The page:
RUSTIC BLACK CHERRY TART: A Perfect Dessert Pairing for Wild Game.

Updated: Nov 30, 2018

Rustic Black Cherry Tart. Great finger food. Utensils optional!

Gallons of propane, 100s of cubic feet of natural gas, 1000s of watt-hours of electricity, and millions of Instagram photos are spent on cooking ruffed grouse, woodcock, venison, elk and other wild game dishes this time of year. And rightly so. Heck, I get hungry just thinking about the smoked breasts, confits, stews, burgers, braised roasts, grilled tenderloin, seared steaks, and on! But how about what comes after? Once the table has been cleared and you push back your chair, rubbing your burgeoning Buddha belly full of wild game dinner in satiated delight, what then?

Owen is an excellent sous chef and taste tester!

When I was a child, we always had dessert after our meals. Like, always. Pies, cakes, cookies, pastries, anything you can imagine in the glorious realm of sweet confections! 100 percent German heritage pretty much insured that. At the same time it endowed my mother, a sharpshooting game hunter, with awesome bakery and pastry skills, too. Fortunately, I inherited a smidge of it, so when planning a recent wild game dinner get-together I took a page from mom’s playbook and prepared an easy, rustic black cherry tart for a sweet, yet slightly tart dessert to cut the earthy, umami residual left on the tongue from the meal. Think: dessert pairings for wild game!

Splittin' and pittin' luscious stone fruits.

Blueberries, blackberries, plums, or any of the plump, darker fruits would work just as well. And if you don’t want to go to the trouble of a super flaky homemade lard crust, or homemade fresh fruit filling, the grocery store folks will be happy to help you fill your shopping cart! (Though it won’t taste as good as homemade. Just sayin’.)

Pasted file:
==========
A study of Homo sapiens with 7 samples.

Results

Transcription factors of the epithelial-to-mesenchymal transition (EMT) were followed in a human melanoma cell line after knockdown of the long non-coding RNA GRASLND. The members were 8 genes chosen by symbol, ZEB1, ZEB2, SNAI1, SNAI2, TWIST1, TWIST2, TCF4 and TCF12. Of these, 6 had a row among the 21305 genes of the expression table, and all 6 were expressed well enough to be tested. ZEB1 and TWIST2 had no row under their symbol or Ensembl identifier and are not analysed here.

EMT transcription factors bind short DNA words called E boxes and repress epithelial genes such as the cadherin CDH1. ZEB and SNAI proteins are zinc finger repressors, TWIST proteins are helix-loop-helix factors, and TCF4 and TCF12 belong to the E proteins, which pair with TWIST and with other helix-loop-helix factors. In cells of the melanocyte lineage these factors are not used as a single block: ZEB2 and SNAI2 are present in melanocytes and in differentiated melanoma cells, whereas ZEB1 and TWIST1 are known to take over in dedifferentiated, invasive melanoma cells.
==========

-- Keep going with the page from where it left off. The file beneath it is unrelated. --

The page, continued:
Here’s how to make it:

BLACK CHERRY FILLING: (enough for 4 tarts, plus extra for another wild game dessert! Or, for topping waffles, ice cream, etc…)

2-2 ½ lbs. pitted black cherries

1/3 cup water

2/3 cup of sugar, or to taste

2-3 tablespoons cornstarch

1-2 tablespoons fresh lemon juice or to taste

Two pounds of cherries is about 6 cups.

In an enameled Dutch oven, or sauce pan, combine black cherries, water, lemon juice, sugar and cornstarch. Bring to a boil. Reduce heat and simmer until mixture thickens. (About 10 minutes.) Taste fruit and add more sugar, cornstarch for thickening, and lemon juice as needed. This will vary depending on the ripeness of the fruit and your taste buds.

THE CRUST: (enough for 4 tarts.)

1 ¼ cup all-purpose flour

¼ teaspoon salt

4 tablespoons cold butter

2 tablespoons cold Crisco shortening

4 tablespoons cold leaf lard

3 to 5 tablespoons icy cold water

1 beaten egg for brushing

In a food processor, quickly pulse together the flour and salt. Add the butter, shortening, and lard and pulse until the mixture forms pea-size pieces . Or, if making by hand, stir together the flour and salt. Use a pastry cutter to cut the butter, shortening and lard into the flour mixture until you get pea-sized pieces.

Add the ice water, 1 tablespoon at a time, and pulse or mix until the mixture is just moist enough to hold together. Form the crust into a ball, wrap with plastic and flatten into a disc. Refrigerate at least 4 hours before rolling out and baking.


Preheat oven to 400 degrees.

Tart crust loaded with delicious black cherry filling.

Divide chilled pie dough into fourths. Roll out each ¼ onto a lightly floured piece of parchment paper and slip onto a baking sheet. In the center of each dough round place approximately ½ cup of blackberry filling.

Fold up the edges and brush with egg.

Fold up the edges to keep filling contained. Don’t worry about being perfect. This is why it’s called a “rustic” tart.

Brush the dough with egg wash and sprinkle with sugar.

Bake until crust is golden and filling is bubbly.